Tablet or E-book Reader: Which Should You Buy This Holiday Season?

When ’tis the season to be jolly, consumers can be left with a difficult decision as they struggle to answer the question of how best to spend their ever-shrinking dollars and on which products. One such product could very well be an Amazon Kindle reader, most of which have now dropped from a high of $399 when they were first introduced approximately four years ago, to a $79 model today. In addition and more important, this new breed of e-book reader is offering better performance than its predecessor with screens that are clearer and easier to read.

However, what is most important about the e-book is our changing attitude about reading a book on a Kindle, Nook, or tablet device. This is evidenced by the fact that, even just last year, I could not see the advantage of purchasing and using a Kindle when having a book on hand to flip through seemed just as easy. However, after purchasing an iPad and using the Kindle, I can certainly see an advantage. First, when traveling, it is much less cumbersome; one is able to take a novel as huge as Tolstoy’s War and Peace with them in the space of a thin tablet. Second, with the nation going green, it is obvious that the environment will be a better place with fewer trees being cut down to produce those paperback and hardback books every year. However, some have countered this claim stating that physical books are biodegradable, while electronic devices are not.

Tablet or E-book Reader: Which Should You Buy This Holiday Season?So with that knowledge behind you, which of the available devices should you buy? I have tried the Kindle, the Kindle Fire, the Nook, and the iPad, and found that, as e-book readers go, they all do a great job. The one area where I believe that the Kindle and Nook are better, however, is in the area of their screen clarity. That is because both of these brands are manufactured with non-reflective screens, whereas both the Apple iPad and Kindle Fire have reflective screens. This means that the sun or bright light will create an annoying situation wherein the reader cannot see the screen due to the sun’s reflection.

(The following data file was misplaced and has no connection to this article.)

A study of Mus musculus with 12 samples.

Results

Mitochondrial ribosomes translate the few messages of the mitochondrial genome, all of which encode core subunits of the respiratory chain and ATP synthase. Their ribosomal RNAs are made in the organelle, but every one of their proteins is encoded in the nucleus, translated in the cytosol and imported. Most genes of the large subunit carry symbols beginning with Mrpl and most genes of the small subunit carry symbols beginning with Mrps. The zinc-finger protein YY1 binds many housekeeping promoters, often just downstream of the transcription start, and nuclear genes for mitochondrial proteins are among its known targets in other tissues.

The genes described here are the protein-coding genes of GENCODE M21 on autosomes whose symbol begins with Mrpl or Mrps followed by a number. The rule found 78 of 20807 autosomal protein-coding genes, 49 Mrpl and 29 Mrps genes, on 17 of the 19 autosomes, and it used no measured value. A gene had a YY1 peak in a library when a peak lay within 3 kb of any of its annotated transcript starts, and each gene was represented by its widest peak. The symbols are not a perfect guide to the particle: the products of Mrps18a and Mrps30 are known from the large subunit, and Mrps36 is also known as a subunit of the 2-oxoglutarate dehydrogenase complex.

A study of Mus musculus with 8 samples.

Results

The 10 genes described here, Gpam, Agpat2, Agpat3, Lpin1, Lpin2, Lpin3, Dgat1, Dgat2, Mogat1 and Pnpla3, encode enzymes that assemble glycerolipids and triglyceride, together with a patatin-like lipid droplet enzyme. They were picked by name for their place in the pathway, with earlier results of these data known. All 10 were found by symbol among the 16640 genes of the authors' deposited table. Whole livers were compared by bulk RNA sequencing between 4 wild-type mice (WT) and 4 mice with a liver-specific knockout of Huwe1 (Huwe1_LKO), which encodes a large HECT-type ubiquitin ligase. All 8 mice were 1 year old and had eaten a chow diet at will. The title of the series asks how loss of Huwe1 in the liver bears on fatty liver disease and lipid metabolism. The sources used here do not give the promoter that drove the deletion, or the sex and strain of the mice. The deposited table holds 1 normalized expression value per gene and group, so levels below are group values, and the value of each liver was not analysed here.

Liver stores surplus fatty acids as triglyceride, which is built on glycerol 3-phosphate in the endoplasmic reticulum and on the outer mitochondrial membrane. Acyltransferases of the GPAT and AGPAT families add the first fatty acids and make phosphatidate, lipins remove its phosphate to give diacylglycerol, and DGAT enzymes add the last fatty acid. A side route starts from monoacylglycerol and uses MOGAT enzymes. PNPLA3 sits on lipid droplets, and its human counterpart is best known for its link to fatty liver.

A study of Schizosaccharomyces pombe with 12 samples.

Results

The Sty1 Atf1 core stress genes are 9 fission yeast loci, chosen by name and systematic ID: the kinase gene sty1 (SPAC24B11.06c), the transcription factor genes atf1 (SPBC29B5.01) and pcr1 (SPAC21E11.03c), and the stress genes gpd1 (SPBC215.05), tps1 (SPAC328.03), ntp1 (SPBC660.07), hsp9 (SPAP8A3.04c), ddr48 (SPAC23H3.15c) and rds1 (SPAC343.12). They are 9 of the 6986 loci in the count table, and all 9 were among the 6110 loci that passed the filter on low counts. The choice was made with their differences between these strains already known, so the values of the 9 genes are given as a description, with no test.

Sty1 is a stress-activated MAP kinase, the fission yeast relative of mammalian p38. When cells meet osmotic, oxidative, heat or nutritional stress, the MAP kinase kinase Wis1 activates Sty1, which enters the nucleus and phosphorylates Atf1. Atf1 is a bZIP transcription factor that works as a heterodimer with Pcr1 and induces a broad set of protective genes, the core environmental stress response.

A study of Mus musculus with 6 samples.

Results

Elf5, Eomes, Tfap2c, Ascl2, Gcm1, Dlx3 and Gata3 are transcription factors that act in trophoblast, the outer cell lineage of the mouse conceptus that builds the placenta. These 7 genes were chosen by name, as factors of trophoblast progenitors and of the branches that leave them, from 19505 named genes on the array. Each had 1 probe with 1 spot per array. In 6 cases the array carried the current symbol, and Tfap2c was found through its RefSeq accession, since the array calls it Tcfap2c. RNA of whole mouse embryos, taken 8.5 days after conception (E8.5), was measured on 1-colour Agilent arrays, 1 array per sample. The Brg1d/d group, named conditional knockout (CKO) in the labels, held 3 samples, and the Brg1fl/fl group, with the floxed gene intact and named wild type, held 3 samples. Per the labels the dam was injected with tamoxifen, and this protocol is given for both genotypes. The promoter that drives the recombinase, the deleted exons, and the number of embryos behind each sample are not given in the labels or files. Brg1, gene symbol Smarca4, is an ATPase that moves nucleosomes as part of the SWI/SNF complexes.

However, one of the biggest determining factors to your purchase is likely going to be price. Here your choices seem limitless with basic bare-bones Kindles ranging in price from $79 and proceeding upwards to $199 for the Fire model. Then you have the top-of-the-line Apple iPad that starts at $499 and higher with others like Barnes & Noble taking up the mid-price point with its Nook at $99 and its Nook tablet at $249.

Last, the consumer must decide what retailer they prefer, since each of these companies has their own dedicated sources on where to get applications for their tablet models (e.g., iTunes for Apple products or Amazon Prime Member accounts for their Kindle Fire).

Comments welcome.

Article Written by

I have been writing for LockerGnome since relocating to Missouri seven years ago, where I continue to be a technology enthusiast who enjoys playing with the newest and latest gadgets.

  • Kylemackulak

    Or you could the Samsung Galaxy Tab 10.1 or Asus Eeepad Transformer Prime instead of paying for the overpriced iPad :/

    • http://chris.pirillo.com/ Chris Pirillo

      “Overpriced” is relative. I’d argue that the Tab and Transformer are overpriced. Nyah.

      • http://twitter.com/hollowpetal Meg McGowan

        I agree with chris, although I refuse to pay $500 for an iPad, I understand that my $200 android tablet will not have the same polished experience or battery life as the iPad. As much as I hate to admit it, if you want a smooth out of the box experience iOS devices currently have the lead. That unfortunately is not enough to convince me to jump on the apple bandwagon.

        • UnknownFear

          I’m with McGowan, I definitely don’t want to shell out the cash for an iPad. I have grown quite found of the Android scene, and I think a Kindle Fire, from Chris’s unboxing and first impressions, have won me over. It’s not too expensive, but definitely a far cry from spending over half a grand. Also, I feel Android has more to offer then Apple, but again, my opinion.

  • Zydecogary

    Article really doesn’t say. It still leaves you hanging.

    • http://chris.pirillo.com/ Chris Pirillo

      “Last, the consumer must decide what retailer they prefer.” Sounds like the best and only answer to me.

  • Jignacio999

    And, if you have books y office format (doc or docx) you can read it in a tablet, but not in a e-book reader , isn´t it?

  • trickaduu

    Price aside, would you go for a Kindle Touch or Fire?